Asperger's in Adults: Symptoms & Signs

Instructor: Artem Cheprasov
Individuals who are born with Asperger's syndrome often have a hard time interpreting and reacting to social cues. In this lesson, we will discuss the signs and symptoms in adults as well as the difficulties caused for adults with Asperger's.

Brainman

Have you ever heard of 'Brainman'? His real name is Daniel Tammet, and he is a savant, a person who despite having a developmental and/or intellectual disability is endowed with extraordinary capabilities (usually in one area like math, memory, or the arts) that are beyond the human norm. You can, in a way, call him superhuman. He can remember large amounts of information, learn a difficult language in a week, perform vast calculations all in his head, and much more. He also has something called Asperger's syndrome. Let's find out a bit more about this syndrome.

What Is Asperger's Syndrome?

Asperger's is a syndrome that was once classified as a separate disorder. However, it is now grouped, along with autism and others, into something called autism spectrum disorder (ASD). You can think of Asperger's syndrome as a mild version of autism spectrum disorder.

Autism spectrum disorder is a neurodevelopmental disorder. In other words, it is a disorder that results from abnormal development of, namely, the brain. Thus, it begins in early childhood and involves various social, behavioral, and other issues.

Symptoms & Signs

Adults with Asperger's are affected at different levels, so the signs and symptoms of Asperger's will vary from person to person. For example, Daniel Tammet is extraordinary in another way, in that many of the signs and symptoms of Asperger's in adults either do not affect him at all or do so minimally.

Nevertheless, the potential signs of Asperger's in adults include:

  • An inability to understand normal body language. For example, trouble understanding signs such as crossed arms when someone is uncomfortable with something can create misunderstandings.
  • An inability to understand social rules, such as engaging in small talk or talking only when another person has finished talking.
  • Difficulties in forming friendships.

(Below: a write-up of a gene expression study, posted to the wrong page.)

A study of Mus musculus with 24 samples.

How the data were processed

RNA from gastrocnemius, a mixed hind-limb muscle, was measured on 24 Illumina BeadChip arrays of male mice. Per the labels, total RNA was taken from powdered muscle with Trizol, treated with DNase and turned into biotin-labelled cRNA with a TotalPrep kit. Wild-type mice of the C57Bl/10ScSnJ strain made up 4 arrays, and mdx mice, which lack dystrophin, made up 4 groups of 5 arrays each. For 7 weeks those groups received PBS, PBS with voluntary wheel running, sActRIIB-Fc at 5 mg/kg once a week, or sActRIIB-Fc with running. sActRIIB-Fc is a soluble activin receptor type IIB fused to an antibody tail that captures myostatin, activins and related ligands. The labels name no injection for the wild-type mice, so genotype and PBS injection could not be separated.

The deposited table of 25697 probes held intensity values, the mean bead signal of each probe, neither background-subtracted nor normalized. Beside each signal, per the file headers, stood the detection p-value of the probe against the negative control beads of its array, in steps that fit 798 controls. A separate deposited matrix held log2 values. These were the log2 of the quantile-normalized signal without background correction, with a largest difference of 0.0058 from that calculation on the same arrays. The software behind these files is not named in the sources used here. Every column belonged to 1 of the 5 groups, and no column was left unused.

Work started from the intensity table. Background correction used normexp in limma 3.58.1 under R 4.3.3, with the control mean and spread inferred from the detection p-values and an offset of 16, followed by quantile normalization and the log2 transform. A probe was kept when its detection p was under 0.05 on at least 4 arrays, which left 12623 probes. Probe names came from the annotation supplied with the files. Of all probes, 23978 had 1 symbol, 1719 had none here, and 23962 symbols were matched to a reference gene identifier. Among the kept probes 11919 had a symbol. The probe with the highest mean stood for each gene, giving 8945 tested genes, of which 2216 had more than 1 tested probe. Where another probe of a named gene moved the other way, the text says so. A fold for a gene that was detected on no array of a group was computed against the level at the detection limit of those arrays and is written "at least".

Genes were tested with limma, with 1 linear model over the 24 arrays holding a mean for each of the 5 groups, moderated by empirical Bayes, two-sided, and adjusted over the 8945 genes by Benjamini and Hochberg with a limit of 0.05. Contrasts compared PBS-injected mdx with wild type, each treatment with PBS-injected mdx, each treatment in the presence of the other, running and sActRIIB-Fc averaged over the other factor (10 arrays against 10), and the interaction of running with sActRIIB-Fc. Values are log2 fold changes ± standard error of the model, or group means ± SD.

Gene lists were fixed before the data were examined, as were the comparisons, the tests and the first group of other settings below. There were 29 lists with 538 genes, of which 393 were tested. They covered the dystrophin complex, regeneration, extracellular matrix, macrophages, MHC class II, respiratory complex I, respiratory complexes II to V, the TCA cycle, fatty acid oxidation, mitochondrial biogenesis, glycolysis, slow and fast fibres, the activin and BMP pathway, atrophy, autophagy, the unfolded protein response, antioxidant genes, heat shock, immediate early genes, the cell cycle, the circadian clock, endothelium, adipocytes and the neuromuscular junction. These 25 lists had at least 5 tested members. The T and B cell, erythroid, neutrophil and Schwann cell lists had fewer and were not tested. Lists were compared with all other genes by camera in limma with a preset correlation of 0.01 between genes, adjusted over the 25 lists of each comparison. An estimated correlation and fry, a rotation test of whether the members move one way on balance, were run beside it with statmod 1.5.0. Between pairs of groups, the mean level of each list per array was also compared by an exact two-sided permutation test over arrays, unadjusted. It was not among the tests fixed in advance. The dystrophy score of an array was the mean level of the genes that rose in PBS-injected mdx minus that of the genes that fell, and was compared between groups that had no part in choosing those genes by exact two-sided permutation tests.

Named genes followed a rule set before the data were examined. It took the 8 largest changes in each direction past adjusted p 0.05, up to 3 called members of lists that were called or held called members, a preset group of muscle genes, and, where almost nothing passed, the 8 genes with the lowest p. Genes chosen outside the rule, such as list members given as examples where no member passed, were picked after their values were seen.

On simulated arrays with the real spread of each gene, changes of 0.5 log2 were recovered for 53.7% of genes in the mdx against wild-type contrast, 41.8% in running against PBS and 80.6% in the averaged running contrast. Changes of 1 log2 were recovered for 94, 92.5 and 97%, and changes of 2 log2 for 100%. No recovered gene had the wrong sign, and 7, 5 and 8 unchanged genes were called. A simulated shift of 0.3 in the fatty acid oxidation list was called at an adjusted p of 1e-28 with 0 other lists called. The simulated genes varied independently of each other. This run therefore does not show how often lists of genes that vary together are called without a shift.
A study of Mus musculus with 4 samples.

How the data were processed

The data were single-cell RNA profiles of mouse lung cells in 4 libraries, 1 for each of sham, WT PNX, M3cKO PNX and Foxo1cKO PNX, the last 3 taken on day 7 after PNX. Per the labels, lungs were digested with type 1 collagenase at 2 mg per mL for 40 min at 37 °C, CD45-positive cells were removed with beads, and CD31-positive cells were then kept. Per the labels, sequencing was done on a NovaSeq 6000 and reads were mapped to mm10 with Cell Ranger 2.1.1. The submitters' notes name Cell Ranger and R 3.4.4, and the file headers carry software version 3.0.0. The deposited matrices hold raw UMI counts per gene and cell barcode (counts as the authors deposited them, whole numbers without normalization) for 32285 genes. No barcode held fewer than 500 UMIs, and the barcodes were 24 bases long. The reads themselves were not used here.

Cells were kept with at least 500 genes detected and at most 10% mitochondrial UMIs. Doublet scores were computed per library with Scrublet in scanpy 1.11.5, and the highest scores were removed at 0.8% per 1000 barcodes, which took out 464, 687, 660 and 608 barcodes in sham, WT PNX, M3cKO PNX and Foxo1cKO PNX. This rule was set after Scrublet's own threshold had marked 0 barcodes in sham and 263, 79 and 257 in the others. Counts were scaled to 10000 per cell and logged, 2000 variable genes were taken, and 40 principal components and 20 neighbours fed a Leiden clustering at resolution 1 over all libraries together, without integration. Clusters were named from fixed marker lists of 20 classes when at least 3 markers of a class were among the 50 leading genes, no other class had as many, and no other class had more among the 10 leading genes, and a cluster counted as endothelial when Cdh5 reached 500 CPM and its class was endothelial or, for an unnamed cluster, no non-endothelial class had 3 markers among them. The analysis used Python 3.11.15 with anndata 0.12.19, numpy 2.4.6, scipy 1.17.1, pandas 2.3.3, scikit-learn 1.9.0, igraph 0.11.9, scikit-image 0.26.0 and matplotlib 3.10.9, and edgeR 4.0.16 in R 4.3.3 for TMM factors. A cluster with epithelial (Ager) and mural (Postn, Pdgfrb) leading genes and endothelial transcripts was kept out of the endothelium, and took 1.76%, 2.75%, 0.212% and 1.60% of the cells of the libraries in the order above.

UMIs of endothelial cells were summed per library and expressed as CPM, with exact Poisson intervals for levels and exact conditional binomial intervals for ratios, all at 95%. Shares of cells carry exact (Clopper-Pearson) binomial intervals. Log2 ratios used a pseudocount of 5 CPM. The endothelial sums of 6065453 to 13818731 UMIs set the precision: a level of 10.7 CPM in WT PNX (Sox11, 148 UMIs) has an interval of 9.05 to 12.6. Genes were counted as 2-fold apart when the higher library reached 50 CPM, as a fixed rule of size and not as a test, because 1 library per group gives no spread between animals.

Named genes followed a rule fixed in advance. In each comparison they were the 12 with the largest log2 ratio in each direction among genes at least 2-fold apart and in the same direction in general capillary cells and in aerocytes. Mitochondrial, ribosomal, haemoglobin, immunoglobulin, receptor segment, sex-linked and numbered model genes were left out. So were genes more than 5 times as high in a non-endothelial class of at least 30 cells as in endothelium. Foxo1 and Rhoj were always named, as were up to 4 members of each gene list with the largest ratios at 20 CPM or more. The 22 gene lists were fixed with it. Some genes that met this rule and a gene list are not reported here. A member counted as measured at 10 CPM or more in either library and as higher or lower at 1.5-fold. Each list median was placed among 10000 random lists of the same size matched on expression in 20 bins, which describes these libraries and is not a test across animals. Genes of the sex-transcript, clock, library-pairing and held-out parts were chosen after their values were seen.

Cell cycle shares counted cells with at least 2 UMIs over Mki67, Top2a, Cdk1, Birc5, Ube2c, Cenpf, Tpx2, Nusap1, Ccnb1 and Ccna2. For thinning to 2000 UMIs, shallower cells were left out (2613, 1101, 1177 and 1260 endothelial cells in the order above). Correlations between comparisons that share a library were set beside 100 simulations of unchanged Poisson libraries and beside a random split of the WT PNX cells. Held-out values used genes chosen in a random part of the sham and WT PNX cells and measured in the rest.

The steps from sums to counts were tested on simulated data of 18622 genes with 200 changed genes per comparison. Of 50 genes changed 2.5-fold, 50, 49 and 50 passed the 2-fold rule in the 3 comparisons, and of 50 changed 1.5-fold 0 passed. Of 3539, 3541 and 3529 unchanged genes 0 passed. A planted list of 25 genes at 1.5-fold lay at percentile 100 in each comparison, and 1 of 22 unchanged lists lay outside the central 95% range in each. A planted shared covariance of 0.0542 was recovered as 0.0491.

• Problems in communication, such as taking comments literally. For instance, sarcasm may be difficult for people with Asperger's to understand because they may not understand the subtle variations in tone that indicate someone is being sarcastic.
  • A difficult time understanding someone's emotion via their tone, facial expressions, or body language. Thus, an adult with Asperger's may also have problems empathizing with someone else and may mistakenly be seen as being selfish or uncaring.
  • Not being able to understand someone else's point of view.
  • Difficulties with verbal reasoning or problem solving.
  • Issues with controlling their feelings, such as anger.
  • A very specific field of interest or hobby.
  • Usually, average or above-average intelligence.

Case Example

Let's go over a potential case example of what an adult with Asperger's may experience given the aforementioned signs we discussed. Jack is an intelligent man in his 30s, and is known to be really great at his job. He's also married and recently he and his wife had a child. Seems kind of like the average man in his 30s, right?

But, remember, Jack has Asperger's. To the outside world it may look like everything is normal but he is well aware that it took him many years of trial and error to find out where he fits in best and where he doesn't in society as a whole. For instance, it took a lot of job losses to finally realize that he does well when working at a job that doesn't require multi-tasking nor a lot of socialization with colleagues or clients. It also cost him a lot of friends and even family members to figure out how he's supposed to behave around other people using societal customs and norms. He's also had to figure out how best to avoid or handle things like the encounter with the local cashier and the fact that she always engages in small talk.